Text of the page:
Mumbai recently played host to well-known media strategist Daniela Krautsack, who addressed a distinguished gathering comprising OOH practitioners and the advertising fraternity at the Non Traditional Media Summit. The Summit was organised by the International Advertising Association in Mumbai on August 8.
Krautsack is also the Managing Director of Cows in Jackets, an Austria-based advertising and media consultancy agency in Austria engaged in conceptualizing unconventional strategies utilising non-traditional campaigns and ambient marketing as ways to interact with the consumer.
Portraying today's global media trends and visions with a critical eye on their creation, their degree of popularity and their lifespan, Krautsack said, “When I observe the mood and listen to the opinions of people who share their thoughts about the 'media' world we live in, I notice that they appreciate the increased opportunity to express themselves, but they are also aware of being monitored. This place can be visualised as a ‘panopticon’, where ambient media has to be tailored to the ambience and not copied.”
Speaking on the third place marketing and creativity, she said, “Third place are landmarks with a core attraction of such extraordinary extent that seeing them is an absolute must, thus talk-of-town organically develops. Third places can be museums, wide open spaces, but also supermarkets and shopping malls. They come to life with light, video projections and special installations. These venues feature an emotionally charged ambience and for which there is no admission fee. Without creativity, I dare to say, a third place doesn't exist. Creativity is one of the cornerstones of the third place foundation. And OOH media logically benefits from the strength of such an eye-catching place.”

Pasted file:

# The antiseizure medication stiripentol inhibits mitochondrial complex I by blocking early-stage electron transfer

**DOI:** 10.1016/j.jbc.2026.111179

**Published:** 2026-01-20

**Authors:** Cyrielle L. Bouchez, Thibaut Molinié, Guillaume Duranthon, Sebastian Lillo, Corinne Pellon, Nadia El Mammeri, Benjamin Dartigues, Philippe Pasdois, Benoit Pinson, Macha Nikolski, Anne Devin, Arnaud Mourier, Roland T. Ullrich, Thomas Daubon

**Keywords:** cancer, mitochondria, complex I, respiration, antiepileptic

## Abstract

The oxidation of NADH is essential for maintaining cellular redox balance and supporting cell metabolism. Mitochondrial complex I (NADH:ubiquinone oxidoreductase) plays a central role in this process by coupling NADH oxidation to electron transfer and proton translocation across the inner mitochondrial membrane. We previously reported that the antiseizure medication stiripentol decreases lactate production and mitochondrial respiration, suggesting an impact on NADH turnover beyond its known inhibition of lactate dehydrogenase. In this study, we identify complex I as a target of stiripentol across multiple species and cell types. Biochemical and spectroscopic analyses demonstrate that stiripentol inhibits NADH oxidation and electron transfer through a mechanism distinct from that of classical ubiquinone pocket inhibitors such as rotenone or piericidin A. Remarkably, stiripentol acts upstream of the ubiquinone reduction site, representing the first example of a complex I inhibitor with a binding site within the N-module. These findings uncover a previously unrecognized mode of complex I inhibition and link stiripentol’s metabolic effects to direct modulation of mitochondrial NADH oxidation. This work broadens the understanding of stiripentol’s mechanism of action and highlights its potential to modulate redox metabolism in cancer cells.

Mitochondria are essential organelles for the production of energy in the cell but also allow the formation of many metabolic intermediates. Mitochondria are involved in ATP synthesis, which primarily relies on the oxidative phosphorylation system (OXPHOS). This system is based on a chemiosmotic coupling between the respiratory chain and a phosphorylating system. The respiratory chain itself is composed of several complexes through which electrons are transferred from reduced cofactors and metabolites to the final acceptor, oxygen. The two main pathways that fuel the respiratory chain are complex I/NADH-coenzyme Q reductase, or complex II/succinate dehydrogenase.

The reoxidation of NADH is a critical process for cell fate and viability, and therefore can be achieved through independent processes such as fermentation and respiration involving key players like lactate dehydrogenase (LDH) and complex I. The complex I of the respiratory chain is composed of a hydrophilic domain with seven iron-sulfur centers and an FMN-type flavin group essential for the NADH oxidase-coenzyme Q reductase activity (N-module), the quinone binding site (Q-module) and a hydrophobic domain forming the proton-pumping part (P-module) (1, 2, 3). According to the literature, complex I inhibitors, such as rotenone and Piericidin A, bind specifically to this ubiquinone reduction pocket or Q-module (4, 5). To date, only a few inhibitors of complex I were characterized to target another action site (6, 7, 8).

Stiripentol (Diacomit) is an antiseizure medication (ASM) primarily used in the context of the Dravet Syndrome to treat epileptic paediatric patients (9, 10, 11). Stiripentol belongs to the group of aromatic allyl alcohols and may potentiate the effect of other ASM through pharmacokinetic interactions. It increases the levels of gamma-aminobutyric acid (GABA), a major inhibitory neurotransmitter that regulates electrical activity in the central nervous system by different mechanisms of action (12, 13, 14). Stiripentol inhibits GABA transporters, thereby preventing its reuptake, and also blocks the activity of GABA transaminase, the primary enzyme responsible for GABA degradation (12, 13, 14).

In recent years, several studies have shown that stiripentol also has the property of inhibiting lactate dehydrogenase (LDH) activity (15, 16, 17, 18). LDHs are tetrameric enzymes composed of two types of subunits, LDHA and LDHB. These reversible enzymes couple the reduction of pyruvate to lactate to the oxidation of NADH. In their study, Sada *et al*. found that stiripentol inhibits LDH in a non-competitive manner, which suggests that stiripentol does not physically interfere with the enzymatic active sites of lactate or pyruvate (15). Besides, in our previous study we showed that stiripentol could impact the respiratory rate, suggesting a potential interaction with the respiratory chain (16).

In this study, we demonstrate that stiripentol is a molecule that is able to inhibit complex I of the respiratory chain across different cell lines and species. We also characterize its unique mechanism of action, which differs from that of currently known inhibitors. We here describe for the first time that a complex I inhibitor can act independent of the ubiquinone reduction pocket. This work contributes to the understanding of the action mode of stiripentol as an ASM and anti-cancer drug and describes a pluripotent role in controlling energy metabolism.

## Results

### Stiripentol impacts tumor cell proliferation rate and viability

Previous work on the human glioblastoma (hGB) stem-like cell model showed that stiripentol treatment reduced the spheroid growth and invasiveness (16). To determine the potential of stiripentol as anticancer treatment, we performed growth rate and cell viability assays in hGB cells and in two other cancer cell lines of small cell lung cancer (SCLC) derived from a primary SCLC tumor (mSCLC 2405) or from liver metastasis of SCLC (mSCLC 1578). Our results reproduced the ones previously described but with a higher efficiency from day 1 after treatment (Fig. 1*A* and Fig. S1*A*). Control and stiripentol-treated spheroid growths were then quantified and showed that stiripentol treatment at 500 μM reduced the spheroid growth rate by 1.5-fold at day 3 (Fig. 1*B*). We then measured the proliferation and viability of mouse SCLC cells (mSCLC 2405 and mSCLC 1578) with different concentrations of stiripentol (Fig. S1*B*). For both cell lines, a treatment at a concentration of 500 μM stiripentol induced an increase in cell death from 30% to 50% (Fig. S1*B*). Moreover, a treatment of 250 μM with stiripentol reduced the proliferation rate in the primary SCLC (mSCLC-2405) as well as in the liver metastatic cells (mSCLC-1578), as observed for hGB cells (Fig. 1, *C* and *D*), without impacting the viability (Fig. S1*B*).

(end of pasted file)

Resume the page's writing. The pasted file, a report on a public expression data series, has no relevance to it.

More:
About the scope of ambient media in India and the challenges ahead, she said, “According to my own observation, in India the potential for ambient media is considerable. The biggest challenge for India is not the lack of investment or funds – it is about finding clever solutions to scale ideas across India and the increase execution opportunities outside main metropolises.”
“We are challenged to create OOH media not only in a more visually attractive way but also in one that is considered as a ‘useful’ platform again, for example, as an information platform that hopefully focuses on core images and incorporates technological measures (for example, code technology) to allow information to be picked-up when needed. The important model for the future is to position OOH media as ‘a likeable platform’ that interacts with the life of city inhabitants; media to stimulate opinions and thoughts, to inform and to entertain,” Krautsack added.